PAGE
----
Today, Tuesday the 23 of February, marks the close of Victoria’s Night Fire Aviation Program for this fire season, with Helitack 346, one of Kestrel’s Bell 412 helicopters, returning to day aerial firefighting operations based at Kestrel facility at Mangalore from tomorrow.  Whilst thankfully a quieter season in comparison to the events on the west coast of Australia, it has provided the opportunity to continue the development of this emerging and increasingly essential capability.

Kestrel Aviation’s commitment to the program was demonstrated by its seamless availability over the contract term, and its pre-season preparations providing the necessary regulatory approvals to advance Victoria into the realms of “initial attack”, the ability to commence fire suppression on new ignitions or the transition into established firegrounds after dark and adapting tactical operations commensurate with the fire behaviour.  Kestrel remains the only Australian-owned operator with approval to undertake night helicopter firebombing, an effort which has earned the company recognition as a finalist in the innovation category at the upcoming Airspace Awards in April.

HT346 has been based at Mangalore again this season

“This season has seen a continuation of the dedication of our night program team in collaboratively working alongside Victorian agencies, as well as other operators, to achieve a common goal” said Captain Richard Butterworth, Kestrel’s Head of Training and lead pilot on the Program.

Until this season, night fire suppression had required a day reconnaissance prior to undertaking firebombing at night, with the purpose to identify any potential hazards, such as power/telephone lines in the operational area.  This restricted firefighting efforts to those fires which were already ablaze in the waning light of the afternoon.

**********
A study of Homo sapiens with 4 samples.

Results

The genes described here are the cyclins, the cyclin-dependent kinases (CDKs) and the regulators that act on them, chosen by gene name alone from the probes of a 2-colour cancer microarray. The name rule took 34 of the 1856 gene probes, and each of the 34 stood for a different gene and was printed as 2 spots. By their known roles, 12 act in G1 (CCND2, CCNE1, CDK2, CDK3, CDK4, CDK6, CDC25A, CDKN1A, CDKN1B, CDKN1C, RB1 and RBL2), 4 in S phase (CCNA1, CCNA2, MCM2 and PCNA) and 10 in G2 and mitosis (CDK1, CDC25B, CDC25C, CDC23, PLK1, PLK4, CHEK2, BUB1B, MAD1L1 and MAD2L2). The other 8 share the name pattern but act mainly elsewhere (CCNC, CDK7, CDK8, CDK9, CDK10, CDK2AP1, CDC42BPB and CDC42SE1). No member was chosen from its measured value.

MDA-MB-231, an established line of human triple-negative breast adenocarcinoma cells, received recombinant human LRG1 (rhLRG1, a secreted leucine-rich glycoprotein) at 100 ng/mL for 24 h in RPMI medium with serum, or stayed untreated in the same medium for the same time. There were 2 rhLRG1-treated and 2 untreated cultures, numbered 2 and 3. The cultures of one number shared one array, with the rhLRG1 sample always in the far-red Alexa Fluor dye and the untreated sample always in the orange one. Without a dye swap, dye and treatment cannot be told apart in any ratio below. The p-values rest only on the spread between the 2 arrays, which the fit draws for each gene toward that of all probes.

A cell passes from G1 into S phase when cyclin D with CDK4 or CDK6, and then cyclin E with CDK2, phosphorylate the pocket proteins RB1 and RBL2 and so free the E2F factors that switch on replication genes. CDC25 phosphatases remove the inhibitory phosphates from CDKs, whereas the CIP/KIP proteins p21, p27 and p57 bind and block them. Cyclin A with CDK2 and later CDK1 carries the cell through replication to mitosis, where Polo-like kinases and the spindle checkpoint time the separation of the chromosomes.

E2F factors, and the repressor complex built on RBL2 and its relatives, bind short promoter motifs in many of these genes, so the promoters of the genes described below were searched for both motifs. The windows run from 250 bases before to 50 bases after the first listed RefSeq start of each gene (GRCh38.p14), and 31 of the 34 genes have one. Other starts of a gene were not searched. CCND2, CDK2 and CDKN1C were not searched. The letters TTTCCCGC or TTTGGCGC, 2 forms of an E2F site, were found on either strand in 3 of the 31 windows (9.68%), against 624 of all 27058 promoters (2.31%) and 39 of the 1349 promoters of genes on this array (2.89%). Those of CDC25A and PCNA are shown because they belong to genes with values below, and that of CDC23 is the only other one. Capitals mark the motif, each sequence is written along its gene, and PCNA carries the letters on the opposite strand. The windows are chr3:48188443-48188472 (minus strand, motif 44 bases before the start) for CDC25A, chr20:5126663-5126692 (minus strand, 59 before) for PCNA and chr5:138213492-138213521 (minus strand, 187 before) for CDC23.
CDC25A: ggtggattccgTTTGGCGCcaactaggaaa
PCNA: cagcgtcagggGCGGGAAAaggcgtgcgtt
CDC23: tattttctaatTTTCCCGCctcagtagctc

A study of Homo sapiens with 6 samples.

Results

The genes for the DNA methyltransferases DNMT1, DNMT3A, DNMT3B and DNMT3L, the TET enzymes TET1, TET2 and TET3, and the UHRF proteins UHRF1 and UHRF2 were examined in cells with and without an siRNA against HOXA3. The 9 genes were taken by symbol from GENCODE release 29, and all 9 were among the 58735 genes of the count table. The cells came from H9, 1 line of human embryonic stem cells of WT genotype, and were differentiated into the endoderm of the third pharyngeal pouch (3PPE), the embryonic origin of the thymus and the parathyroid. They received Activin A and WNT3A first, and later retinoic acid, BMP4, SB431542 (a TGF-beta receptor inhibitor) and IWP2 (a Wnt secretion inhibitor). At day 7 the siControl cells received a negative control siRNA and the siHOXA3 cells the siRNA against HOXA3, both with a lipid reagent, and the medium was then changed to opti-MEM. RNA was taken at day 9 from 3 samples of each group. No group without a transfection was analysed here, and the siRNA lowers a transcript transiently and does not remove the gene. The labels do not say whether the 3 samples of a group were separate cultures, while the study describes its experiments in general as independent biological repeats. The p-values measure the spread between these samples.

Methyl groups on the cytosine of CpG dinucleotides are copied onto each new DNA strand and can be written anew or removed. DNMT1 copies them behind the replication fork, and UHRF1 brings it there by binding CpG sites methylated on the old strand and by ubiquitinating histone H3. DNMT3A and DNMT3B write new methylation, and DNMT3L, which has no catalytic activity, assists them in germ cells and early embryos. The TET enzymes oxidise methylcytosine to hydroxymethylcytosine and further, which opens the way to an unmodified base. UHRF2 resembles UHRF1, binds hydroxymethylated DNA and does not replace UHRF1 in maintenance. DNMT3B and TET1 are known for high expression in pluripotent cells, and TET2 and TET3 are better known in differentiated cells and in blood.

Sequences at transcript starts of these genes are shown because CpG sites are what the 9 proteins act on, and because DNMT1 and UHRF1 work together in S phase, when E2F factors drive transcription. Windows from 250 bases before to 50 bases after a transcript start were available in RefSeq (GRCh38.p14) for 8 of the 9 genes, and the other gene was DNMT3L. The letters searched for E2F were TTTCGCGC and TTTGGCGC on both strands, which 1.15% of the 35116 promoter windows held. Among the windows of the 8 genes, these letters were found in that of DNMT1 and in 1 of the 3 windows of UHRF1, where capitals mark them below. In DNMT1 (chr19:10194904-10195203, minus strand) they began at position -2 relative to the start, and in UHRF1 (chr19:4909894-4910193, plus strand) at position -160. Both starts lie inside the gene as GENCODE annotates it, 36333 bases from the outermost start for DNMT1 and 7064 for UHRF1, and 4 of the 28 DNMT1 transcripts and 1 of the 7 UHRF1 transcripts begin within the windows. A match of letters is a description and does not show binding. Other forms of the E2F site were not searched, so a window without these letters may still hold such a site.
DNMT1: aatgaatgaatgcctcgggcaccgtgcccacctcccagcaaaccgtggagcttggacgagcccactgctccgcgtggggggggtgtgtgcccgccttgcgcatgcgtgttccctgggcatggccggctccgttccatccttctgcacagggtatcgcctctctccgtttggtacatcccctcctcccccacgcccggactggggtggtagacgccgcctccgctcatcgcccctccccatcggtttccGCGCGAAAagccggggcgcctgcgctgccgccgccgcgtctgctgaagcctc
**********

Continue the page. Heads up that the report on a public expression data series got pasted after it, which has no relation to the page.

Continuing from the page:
With the continued development of the Program this season, and with the help of specialist night vision goggles supplied by Melbourne based Point Trading Group, helitack aircraft are now able to identify new water sources and attack new ignition sources after dark; a significant achievement for the ambitious project.

“This Program has come a long way since it was conceptualised, and credit must be given to the state of Victoria in leading this innovative effort” says Kestrel’s Managing Director, Ray Cronin.

HT346 during EMV demonstrations (Photo: Aviation Report)

With the potential for fire danger remaining this season, and with internationally operated aircraft now commencing their return overseas to support northern hemisphere fire seasons, Kestrel remains in place, offering year-round, day/night specialist response for the state of Victoria, and Australia as a whole.  Additionally, Kestrel’s culture of innovation has seen further improvements to the country’s aerial firefighting capability, with the integration of type one capable helicopter assets such as the battle proven Sikorsky UH-60 “Blackhawk”, which augment its world-class medium lift fleet of water bombers, night attack bombers and specialist rappel crewed aircraft.